As Airline Reporter well details, Japan Airlines has bucked the trend to hurting and crushing economy class passengers into ever tinier seats by revealing a 777-200ER revamp which doesn’t just retain the Boeing’s classic and roomier nine across economy cabin, but adds enhanced legroom.

What competing airlines might do about this this move isn’t yet known, but in a rational market consumers will be attracted to something that offers more amenity for a competitive price.

And Japan Airlines has always been keen to keep in touch with, if not undercut, the best deals in the markets it serves, including times past when it almost always cost less for a longer flight from Australia to the US or Europe via Tokyo than it did on the more direct full service, full fare carriers.

Perhaps we should feel more relieved than surprised, since JL’s 787s also deliver in their latest configurations on the Dreamliner’s original and supremely comfortable eight across Y class format, just as Boeing intended.


A competitor with a ten across economy cabin might carry, say 30-45 more seats, than the Japanese carrier if they were to retain a similar proportion of premium to Y class seats.  But if it doesn’t sell those seats, they are costing a little bit more in fuel over longer distances, and may require the employment of at least one more cabin attendant to meet the rules on manning levels which are based on numbers of seats, not load factors.

Multiplied by hundreds of flights a year, those additional costs become substantial.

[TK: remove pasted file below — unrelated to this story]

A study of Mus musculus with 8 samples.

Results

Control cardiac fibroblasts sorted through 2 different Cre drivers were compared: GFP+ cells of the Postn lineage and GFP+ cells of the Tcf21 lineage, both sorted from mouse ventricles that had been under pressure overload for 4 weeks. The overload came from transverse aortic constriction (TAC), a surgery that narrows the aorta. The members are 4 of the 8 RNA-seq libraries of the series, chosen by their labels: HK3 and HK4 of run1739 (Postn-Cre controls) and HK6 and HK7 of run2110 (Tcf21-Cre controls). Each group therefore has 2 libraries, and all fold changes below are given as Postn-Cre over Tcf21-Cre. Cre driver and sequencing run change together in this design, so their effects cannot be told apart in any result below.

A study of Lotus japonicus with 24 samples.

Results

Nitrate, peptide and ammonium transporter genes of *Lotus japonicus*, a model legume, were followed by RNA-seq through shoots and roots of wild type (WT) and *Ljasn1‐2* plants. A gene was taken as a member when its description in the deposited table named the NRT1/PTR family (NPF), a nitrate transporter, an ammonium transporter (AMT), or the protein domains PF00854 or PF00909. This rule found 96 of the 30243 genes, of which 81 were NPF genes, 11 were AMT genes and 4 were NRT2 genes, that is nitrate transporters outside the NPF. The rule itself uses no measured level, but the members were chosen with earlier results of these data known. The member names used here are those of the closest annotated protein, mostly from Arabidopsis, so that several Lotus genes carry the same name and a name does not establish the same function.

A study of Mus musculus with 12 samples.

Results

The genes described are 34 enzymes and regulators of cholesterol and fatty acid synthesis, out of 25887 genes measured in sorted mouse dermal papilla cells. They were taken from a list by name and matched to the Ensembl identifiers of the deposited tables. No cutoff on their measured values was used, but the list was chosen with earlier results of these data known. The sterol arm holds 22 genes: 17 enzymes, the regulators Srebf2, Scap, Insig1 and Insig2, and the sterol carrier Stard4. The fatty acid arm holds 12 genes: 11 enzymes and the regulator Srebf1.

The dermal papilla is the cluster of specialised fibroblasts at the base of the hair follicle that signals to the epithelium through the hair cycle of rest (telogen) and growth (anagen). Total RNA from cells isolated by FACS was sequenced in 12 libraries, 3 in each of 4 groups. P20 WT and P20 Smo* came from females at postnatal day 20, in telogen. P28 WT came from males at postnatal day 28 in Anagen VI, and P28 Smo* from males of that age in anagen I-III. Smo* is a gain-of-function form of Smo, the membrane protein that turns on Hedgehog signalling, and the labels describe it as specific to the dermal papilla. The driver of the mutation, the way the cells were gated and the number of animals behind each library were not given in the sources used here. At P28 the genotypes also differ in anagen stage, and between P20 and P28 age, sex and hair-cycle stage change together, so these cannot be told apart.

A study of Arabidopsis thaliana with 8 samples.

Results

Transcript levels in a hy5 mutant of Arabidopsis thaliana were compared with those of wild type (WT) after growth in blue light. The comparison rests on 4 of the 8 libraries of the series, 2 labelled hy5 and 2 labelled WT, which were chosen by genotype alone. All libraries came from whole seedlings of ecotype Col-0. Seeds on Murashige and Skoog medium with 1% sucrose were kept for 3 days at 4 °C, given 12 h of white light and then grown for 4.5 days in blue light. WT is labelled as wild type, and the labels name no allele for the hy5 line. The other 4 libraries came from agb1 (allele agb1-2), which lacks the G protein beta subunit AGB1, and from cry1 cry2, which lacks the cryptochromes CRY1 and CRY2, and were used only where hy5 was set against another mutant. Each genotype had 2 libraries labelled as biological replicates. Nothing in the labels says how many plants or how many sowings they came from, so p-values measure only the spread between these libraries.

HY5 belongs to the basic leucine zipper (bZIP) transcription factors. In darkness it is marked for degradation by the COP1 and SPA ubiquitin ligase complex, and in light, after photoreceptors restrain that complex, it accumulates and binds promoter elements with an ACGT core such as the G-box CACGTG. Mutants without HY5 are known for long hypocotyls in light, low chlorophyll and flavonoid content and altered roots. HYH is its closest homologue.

The inferior seat experience will likely aggravate enough customers stuffed into the small seats to make them vow never to fly with the offending carrier again. And tell their friends about it too.

It should be acknowledged that when Virgin Australia recently began upgrading its boutique fleet of five 777-300ERs it also retained the nine across Y class cabin. That was arguably an essential move considering these Virgin jets are mainly up against Qantas A380s, which also have wider Y class seats than anyone will ever experience in the bigger Australian carrier’s 787s when they start to enter service toward the end of next year.

Japan Airlines’ revised 777s and its comfortable 787s are almost certain to engage in direct competition with tighter fit Qantas and Air NZ airliners (and indeed be a QF codeshare on some flights).

Australians and New Zealanders are generally large framed people served by carriers that mostly want to stuff us into narrower seats. It’s notable that the alternative to this on some routes will be a Japanese carrier with a formidable reputation for high service standards, and roomier seats.